Today is devoted to Wetherlam
The weather was good and the view from Wetherlam promised to be good. So a select group of us decided to approach Wetherlam via the old quarries and mines mentioned by Wainwright and by the steep scramble which appears as a straight footpath on the OS map. While the steep scramble was not expected, it was doable, and our reward was an all round (360°) view from the summit of Wetherlam. The view was best described as panoramic. Our descent was around the north of Black Sails and down by the Levers Water reservoir. Another excellent day in the Great Outdoors!
Some more early morning, pre-breakfast, pictures were on my agenda again. There is something about sunny late spring mornings in the Lake District, and I wanted to capture the experience, at least in pixels.
The bright orange glow appeared again behind the cottages, ...
... our hostel, ...
... and the field in front of our hostel.
My repertoire of flower names is not that brilliant,
but these red flowers in the grounds of the hostel were.
Come to think of it, it could be a rhododendron.
Answers on a postcard please.
The Quarries of Tilberthwaite
From behind the hostel, we made our way to Low Tilberthwaite and from thence to the quarries and mines that featured in Wainwright's descriptions. Yellow gorse and the bright green of late spring characterised this first part of our walk.
The greeness and the yellow gorse of late spring characterised the way to Low Tilberthwaite.
There was a grandeur to the old slate quarries ...
... which Hazel, and all of us, found impressive.
This is a view from one of the quarries onto the Furness Fells which hide Lake Windermere beyond.
The entrance to the quarry is quite impressive - tree and dynamited slate.
Another view of the Furness Fells from the quarry.
Ascent Part One
From the quarries we had some small scrambles and crossed a stream to reach an old mine working - which looked interesting but probably not that safe to enter. The path snaked up to two lonesome pines - well, they probably kept each other company of over many years. From the lonesome pines, we had a good view to the south and decided that the pines would make a grand lunch stop.
Hazel is in charge here!
The cairn marks the spot from where there is another good view across to the Furness Fells.
Yours Truely has the air of one who has just crossed a babbling brook
- or "beck" as they say in these parts.
This is the entrance to one of the old copper mines. I would normally associate the red colouration of the rocks with iron; it's usually green for copper ores. But there you are.
Another puzzle to solve - isn't life interesting!
It looks as if there is indeed a passage here ...
... a passage that leads off into the hillside. What sort of people spent a good part of their lives toiling away here?
We reach the two lonesome pines; well, at least they have kept each other company for many a year.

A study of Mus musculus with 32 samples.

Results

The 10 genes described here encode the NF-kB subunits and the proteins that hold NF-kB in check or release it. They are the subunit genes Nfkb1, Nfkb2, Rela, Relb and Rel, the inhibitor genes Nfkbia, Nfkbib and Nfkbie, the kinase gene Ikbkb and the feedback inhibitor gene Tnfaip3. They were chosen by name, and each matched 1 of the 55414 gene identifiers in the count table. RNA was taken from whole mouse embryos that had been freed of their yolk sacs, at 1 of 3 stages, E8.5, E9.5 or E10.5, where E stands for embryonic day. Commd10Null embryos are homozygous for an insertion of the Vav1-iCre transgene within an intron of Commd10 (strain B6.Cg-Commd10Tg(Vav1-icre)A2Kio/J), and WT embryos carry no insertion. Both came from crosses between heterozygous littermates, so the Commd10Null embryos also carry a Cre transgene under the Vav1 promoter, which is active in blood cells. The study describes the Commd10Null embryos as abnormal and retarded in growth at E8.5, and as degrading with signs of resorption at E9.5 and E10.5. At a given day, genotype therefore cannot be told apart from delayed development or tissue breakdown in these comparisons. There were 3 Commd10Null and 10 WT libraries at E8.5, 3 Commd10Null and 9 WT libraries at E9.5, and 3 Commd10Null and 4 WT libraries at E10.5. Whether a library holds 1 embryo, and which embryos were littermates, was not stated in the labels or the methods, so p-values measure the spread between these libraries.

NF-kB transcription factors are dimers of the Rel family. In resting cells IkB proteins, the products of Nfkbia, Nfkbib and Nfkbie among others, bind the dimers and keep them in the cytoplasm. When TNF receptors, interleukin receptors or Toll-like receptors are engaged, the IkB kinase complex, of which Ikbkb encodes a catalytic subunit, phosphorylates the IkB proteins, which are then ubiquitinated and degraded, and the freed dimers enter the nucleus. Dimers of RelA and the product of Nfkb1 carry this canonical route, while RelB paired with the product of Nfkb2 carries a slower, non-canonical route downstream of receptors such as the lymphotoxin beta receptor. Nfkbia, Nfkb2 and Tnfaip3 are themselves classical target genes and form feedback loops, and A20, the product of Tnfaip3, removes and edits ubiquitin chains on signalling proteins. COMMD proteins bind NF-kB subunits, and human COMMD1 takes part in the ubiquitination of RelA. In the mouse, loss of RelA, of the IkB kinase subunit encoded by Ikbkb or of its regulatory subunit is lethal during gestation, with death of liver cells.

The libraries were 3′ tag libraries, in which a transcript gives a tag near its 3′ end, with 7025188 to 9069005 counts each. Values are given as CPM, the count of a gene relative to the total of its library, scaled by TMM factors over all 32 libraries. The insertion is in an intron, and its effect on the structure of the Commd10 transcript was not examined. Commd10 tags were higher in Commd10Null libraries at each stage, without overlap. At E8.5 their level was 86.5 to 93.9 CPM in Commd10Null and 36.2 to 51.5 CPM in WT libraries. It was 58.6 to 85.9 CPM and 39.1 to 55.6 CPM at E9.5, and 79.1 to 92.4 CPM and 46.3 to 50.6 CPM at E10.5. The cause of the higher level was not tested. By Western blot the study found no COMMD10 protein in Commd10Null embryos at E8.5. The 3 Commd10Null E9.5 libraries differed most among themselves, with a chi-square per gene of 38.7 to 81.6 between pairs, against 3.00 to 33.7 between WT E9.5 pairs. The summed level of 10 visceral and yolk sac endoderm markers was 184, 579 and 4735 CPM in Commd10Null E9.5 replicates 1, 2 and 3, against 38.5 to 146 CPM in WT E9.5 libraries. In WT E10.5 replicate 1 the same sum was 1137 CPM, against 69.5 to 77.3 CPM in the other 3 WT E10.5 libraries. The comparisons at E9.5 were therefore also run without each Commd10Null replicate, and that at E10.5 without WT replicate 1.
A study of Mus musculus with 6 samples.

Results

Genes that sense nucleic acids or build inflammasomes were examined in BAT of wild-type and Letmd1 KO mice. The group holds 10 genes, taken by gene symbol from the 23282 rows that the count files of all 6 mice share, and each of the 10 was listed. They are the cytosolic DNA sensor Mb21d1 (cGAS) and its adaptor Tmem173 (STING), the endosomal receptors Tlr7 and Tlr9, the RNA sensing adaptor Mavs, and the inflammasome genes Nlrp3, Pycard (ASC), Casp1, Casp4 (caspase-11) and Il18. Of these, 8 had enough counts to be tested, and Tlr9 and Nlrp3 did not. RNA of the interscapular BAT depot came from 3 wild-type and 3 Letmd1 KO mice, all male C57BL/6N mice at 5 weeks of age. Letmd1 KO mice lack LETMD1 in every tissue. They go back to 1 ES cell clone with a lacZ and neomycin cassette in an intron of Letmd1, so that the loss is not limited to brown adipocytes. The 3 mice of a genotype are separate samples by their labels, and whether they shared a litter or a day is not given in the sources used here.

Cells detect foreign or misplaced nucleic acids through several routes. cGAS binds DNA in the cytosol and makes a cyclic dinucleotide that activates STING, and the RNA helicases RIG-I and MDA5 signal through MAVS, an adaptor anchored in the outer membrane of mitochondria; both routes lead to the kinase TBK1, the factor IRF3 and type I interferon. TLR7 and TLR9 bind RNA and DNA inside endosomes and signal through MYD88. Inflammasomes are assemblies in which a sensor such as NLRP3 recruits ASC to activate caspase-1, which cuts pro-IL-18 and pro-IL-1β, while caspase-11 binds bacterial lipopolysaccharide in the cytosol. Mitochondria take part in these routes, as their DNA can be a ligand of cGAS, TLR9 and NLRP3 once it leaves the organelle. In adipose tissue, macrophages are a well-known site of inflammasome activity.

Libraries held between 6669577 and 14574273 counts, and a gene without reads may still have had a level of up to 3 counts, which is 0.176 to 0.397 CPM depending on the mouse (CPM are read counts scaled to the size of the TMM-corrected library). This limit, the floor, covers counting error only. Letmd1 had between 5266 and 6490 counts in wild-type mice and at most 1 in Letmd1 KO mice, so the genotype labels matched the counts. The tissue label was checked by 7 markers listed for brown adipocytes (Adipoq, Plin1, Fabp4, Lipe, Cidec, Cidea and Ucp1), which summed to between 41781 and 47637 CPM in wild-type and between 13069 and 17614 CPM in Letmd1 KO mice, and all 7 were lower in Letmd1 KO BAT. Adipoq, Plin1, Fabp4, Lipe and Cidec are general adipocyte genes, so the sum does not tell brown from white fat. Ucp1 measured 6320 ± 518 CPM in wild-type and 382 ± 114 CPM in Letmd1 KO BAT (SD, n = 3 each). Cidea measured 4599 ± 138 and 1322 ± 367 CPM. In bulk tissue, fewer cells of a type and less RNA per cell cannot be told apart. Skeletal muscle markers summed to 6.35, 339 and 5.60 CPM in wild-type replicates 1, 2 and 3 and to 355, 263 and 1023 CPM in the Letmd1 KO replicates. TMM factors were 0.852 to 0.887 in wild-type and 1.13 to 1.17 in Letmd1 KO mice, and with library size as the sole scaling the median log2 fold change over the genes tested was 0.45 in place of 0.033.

There is a good view to the south and on to the path by which we have just come up.
Tim is using the view for inspiration.
Before we leave, it's nice to catch the interplay of shadow and sunlight on our scene.
We are about to reach Wetherlam edge but stop again to admire the view
across to what looks like Lake Windermere.
Scramble to Wetherlam
The ascent to Wetherlam along Wetherlam Edge looks on the OS Map like an innocent - albeit steep - footpath. It's really a steep rocky scramble requiring more effort than anticipated. Actually very interesting and really quite doable.
We go up here ...
... but not before we take another look towards the Furness Fells ...
... and Lake Windermere.
The ascent is up from the edge left of centre. We can see Little Langdale Tarn, with Little Langdale (tomorrow's walk) to the right (east) of the said tarn.
Tim joins us and raises his hand in thanksgiving.
Wetherlam - the Summit
Abit more along Wetherlam Edge, and the summit is in our grasp. The interplay of clouds and sunshine seems to add to the dramatic nature of the panoramic view. Wetherlam has certainly lived up to expectation!
The cairn on Wetherlam looks a bit modest ...
... for such a grand view.
Cairn, sunshine, clouds and mountains.
Hazel has just performed the time-honoured ritual of placing another stone on top of the cairn. How large will the cairn be at the end of the century?
Wetherlam to Coniston
The descent from Wetherlam leads on to Keld Gill Head to the north of Black Sails. At Swirl Hawse one path leads up to Swirl How, from where one can reach the Old Man of Coniston. We take the other option: a quite rocky and "ballasty" path (so it transpired) to Levers Water and, via the Coniston Fells, to the Copper Mine YHA and the Miners' Bridge, and so back to base. A good day: plenty of good views and good exercise.
We are on Keld Gill Head from which we can look westwards
to the ascent to the ridge leading to the Old Man of Coniston...
... and we can look north towards the Langdales ...
... and beyond towards Grasmere Common and Keswick.
Ahead is the ascent to Swirl How, from which one can reach the Old Man to the south.
We take the other option - a path leading south past Levers Water to Coniston.
Sun and clouds lend an air of drama to Levers Water.
Lake Coniston hoves into view. It's still a very rocky path to the Coppermine YHA. From there we get to the Miners' Bridge, and so back to base. It's been a good day indeed. No rush. No hurry. Time to absorb the rocky majesty that is the Lake District.